The Komodo Dragon is an All-Purpose Killing Machine

A visit to one of Indonesia’s most popular tourist destinations could be your last


“Are you sure you want to do this?” I asked Fred, glancing at his sockless feet and leather loafers. We had just met at the tourist dock on Flores the day before.

“You are the one who proposed it,” he said, marching onward.

True. I’d come to Indonesia on my own for a month, and I wasn’t about to miss this opportunity. Komodo Island and its nine-foot-long monitor lizard, the Komodo dragon, were once about as far off the beaten track as you could get. But Komodo National Park has become Indonesia’s hottest tourist spot this side of Bali. Our starting point in Labuan Bajo, on the island of Flores, was packed with hip cafés, hostels and diving shops. Cruise companies offer a two-day expedition to parkland on Komodo and Rinca islands. Komodo, about five times the size of Manhattan, got a makeover in the late 1990s, when the Indonesian government asked the Nature Conservancy and the World Bank to help it protect the island’s biodiversity, develop hiking trails and build a visitor center.

Even with these amenities, the destination’s popularity is surprising. Whale-watching may appeal to our spiritual side, while a glimpse of an orangutan or other primate cousin tugs at an evolutionary heartstring. The Komodo dragon, I believe, taps into our basic fears: a living incarnation of the fictional monsters that haunt our imaginations.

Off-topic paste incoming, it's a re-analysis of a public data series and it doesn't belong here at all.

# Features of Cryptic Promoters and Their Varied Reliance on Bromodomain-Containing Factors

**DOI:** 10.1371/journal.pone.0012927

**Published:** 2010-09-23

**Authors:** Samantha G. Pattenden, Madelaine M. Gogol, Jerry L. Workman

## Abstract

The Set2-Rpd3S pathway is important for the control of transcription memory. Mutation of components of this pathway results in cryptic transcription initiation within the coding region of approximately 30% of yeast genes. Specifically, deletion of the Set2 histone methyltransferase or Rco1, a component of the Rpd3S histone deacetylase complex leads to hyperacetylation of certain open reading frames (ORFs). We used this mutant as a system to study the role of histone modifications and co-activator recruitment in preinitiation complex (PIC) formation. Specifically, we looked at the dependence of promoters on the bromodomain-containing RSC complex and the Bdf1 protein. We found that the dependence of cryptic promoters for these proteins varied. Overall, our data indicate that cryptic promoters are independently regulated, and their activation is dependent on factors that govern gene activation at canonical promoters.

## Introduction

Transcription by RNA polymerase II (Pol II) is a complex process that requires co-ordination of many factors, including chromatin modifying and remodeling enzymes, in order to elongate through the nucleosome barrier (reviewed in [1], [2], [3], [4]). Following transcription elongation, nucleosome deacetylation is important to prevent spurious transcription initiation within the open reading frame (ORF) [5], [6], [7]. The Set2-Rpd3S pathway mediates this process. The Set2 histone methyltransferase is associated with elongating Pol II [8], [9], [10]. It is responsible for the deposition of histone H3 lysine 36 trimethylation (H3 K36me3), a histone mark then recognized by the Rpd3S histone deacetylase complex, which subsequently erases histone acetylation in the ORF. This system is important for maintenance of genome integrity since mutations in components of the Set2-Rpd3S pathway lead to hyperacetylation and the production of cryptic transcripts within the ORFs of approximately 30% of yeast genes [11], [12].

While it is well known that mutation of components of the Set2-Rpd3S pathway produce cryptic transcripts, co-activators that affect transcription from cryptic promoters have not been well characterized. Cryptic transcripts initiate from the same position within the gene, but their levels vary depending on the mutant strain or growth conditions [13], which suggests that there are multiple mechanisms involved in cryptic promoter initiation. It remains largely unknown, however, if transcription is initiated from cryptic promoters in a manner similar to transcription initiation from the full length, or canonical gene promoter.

Our guide that August morning, Ishak, lifted his forked stick—a defense against snapping jaws—and we marched into the bush. Even the vegetation is reptilian: Crocodile trees with spiky bark sprout from volcanic soils, while Lontar palms tower over the upland savanna. After only a ten-minute walk we came to a gallery of tamarind trees shading a pit of mud and greenish scum. A female Komodo dragon was sprawled next to a tree, her black obsidian eyes unreadable. The beaded folds of her flesh hung from her neck and she had kicked her rear legs behind her with the insouciance that comes from being at the top of the food chain. Luckily, she was still digesting a meal from earlier that week—a small deer, according to Ishak—and in her postprandial stupor would probably not be pondering cuisine for another month.

Up ahead, however, I knew there were dragons in the brush, possibly hungry ones. At the top of a pass, a white cross commemorates Rudolf Von Reding Biberegg, an elderly Swiss tourist who vanished in 1974, presumably killed by a Komodo dragon. “He loved nature throughout his life,” the epitaph says.


Auffenberg spent more than a year on the island studying the dragon’s natural history—from its sunbathing habits to its courtship rituals—but he went out on a limb when he suggested that the dragons had evolved to their current size so they could hunt now-extinct pygmy elephants called Stegodons. In 1987, the U.S. scientist and author Jared Diamond lent his support to this theory, arguing that when the dragons’ smaller ancestors first arrived on Flores they had no carnivorous competitors and gradually grew larger to take advantage of such hulking prey.